Fri, Nov 02, 2007 - Page 13 News List

Puppetry sans strings

BY Ian Bartholomew  /  Staff Reporter

Puppeteer Ulrike Quade manipulates the main puppet character.

With The Second Goodbye (重別), which opened at the National Experimental Theater last night, the Taiyuan Puppet Theater Company (台原偶戲團) takes another step in its journey toward making puppet theater an established part of Taiwan's contemporary art scene. Taiyuan, with its many original shows that combine Western opera, Italian marionettes, various regional Chinese opera styles, and contemporary experimental theater, pushes the boundaries in fascinating ways, and has done more than any other group to open up puppetry and take it outside the framework of folk performance. The company explores puppetry as a medium for serious expression in contemporary theater.

The Second Goodbye, a puppet play based on a combination of the Buddhist fable Mulien Saves his Mother (目蓮救母) and the story of Orpheus and Eurydice, explores how people respond to the loss of someone who is believed to be irreplaceable.

"We started with the idea of losing someone you love. We tried to get that feeling of loss, of being left behind, and wanting to get this love back ... ." Taiyuan's artistic director Robin Ruizendaal said. "The concept is a voyage through hell, which, also in this play, translates as an internal journey through your own internal hell. It all happens in the mind of the main character."

The play is the product of a discussion between Ruizendaal and Dutch theater director Jos van Kan, who two years ago spent six weeks in Ilan studying Taiwanese opera. "We met, we talked about things we were interested in ... . Love and death, they are never far away, the two main constants of life, and there we were," Ruizendaal said of the show's conception.

Further discussions brought in German performance artist and puppeteer Ulrike Quade and contemporary Dutch composer Marlijin Helder, who contributed their own unique elements. Helder created a score based on recordings of Chinese music and readings of the libretto, which is sung by a narrator who sometimes sits with the ensemble and sometimes on stage, and by Chiu Chiu-hui (邱秋惠), a gezai opera (歌仔戲) singer and former member of Taiwan's U-Theatre (優劇場).

Performance notes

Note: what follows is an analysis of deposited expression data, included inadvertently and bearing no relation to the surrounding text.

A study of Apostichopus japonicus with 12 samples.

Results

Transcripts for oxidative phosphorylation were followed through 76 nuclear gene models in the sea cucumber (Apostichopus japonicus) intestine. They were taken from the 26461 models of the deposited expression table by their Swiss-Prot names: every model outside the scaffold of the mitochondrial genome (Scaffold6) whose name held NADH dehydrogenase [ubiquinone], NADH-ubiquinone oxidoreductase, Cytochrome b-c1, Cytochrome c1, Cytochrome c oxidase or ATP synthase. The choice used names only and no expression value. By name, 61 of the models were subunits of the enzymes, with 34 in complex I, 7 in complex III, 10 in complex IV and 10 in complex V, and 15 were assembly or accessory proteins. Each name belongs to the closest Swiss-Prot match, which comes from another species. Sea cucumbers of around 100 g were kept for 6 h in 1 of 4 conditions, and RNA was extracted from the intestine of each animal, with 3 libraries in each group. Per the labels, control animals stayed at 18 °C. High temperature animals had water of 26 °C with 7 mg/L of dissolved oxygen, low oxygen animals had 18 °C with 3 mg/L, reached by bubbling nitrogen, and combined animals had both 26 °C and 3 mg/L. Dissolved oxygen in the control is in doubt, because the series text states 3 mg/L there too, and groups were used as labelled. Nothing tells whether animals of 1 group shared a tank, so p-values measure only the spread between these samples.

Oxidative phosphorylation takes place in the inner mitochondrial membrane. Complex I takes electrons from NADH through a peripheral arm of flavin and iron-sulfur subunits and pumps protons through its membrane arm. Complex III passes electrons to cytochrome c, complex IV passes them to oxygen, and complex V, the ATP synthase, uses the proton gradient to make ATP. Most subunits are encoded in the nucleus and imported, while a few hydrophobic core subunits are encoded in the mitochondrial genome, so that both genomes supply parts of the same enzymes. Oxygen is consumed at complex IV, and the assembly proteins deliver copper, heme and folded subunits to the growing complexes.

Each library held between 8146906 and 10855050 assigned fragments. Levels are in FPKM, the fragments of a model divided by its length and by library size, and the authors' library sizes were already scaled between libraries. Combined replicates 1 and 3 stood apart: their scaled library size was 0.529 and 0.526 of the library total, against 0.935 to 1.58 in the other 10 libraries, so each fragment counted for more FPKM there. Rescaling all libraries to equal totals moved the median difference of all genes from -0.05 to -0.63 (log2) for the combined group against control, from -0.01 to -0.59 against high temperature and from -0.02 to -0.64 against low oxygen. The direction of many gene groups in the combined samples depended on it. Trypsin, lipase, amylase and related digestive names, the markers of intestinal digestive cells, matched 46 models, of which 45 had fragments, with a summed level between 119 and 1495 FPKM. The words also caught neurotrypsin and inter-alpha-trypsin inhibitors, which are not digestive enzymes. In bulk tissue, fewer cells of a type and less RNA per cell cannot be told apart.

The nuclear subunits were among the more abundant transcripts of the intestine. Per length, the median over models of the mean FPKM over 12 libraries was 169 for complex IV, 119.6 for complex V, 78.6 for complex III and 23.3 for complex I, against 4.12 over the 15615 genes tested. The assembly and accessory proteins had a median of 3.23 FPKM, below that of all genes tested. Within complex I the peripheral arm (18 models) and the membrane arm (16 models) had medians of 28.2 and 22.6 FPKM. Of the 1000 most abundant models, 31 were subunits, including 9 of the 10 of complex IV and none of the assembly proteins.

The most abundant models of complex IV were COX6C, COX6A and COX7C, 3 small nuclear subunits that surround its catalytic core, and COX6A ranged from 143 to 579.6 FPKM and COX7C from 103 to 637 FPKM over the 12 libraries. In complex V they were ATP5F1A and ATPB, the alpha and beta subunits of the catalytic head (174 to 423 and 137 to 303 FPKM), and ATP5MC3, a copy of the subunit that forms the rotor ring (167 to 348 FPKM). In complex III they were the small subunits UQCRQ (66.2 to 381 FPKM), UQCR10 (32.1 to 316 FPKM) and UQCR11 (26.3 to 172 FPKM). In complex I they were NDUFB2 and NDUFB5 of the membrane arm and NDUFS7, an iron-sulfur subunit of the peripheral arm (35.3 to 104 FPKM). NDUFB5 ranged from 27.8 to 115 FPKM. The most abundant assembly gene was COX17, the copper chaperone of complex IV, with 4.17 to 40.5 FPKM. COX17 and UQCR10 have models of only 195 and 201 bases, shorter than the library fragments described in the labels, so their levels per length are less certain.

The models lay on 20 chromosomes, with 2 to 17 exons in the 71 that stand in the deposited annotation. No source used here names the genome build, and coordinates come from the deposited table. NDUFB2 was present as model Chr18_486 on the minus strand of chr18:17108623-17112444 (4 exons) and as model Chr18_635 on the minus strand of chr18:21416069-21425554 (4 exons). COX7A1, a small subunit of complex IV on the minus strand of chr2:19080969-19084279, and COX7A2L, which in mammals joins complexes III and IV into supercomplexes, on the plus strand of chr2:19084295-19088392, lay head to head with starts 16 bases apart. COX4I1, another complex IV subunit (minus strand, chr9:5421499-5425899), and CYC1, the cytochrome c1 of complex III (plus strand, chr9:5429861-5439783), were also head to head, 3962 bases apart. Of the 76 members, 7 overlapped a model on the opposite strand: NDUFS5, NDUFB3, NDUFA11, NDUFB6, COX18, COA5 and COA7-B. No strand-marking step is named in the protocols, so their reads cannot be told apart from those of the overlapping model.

What: The Second Goodbye

When: Today, tomorrow and Sunday 7:30pm; tomorrow and Sunday at 2:30pm

Where: National Experimental Theater, Taipei

Tickets: NT$450, available through NTCH ticketing

Details: There are no subtitles either in English or Chinese, but a brief introduction to the story is given in the program


Quade's body puppet - she wears the bottom-half of the puppet, and remains completely visible in her manipulation of the puppet's upper body - is not only fascinating to watch in terms of pure performance, but the "double vision" of the main character also plays off against ideas of the link between the spiritual and physical, of exploration and discovery of the self, and of the relationship between performer and the performance.

As with most experimental productions, the doubling up of roles among some of the cast is a matter of necessity, but The Second Goodbye manages to make a virtue of such logistical constraints, allowing this multitasking to generate ideas, both intended and unintended, that further enrich the work.

In many ways, The Second Goodbye makes an interesting counterpoint to The Firmiana Rain (梧桐雨), which also opened last night, just across the way so to speak, in the National Theater. Despite the significant difference in scale - Rain uses a full symphony orchestra, whereas The Second Goodbye has three musicians who also double as cast and crew - both shows are about seeing what can be produced by a cross-fertilization between vastly different performance traditions.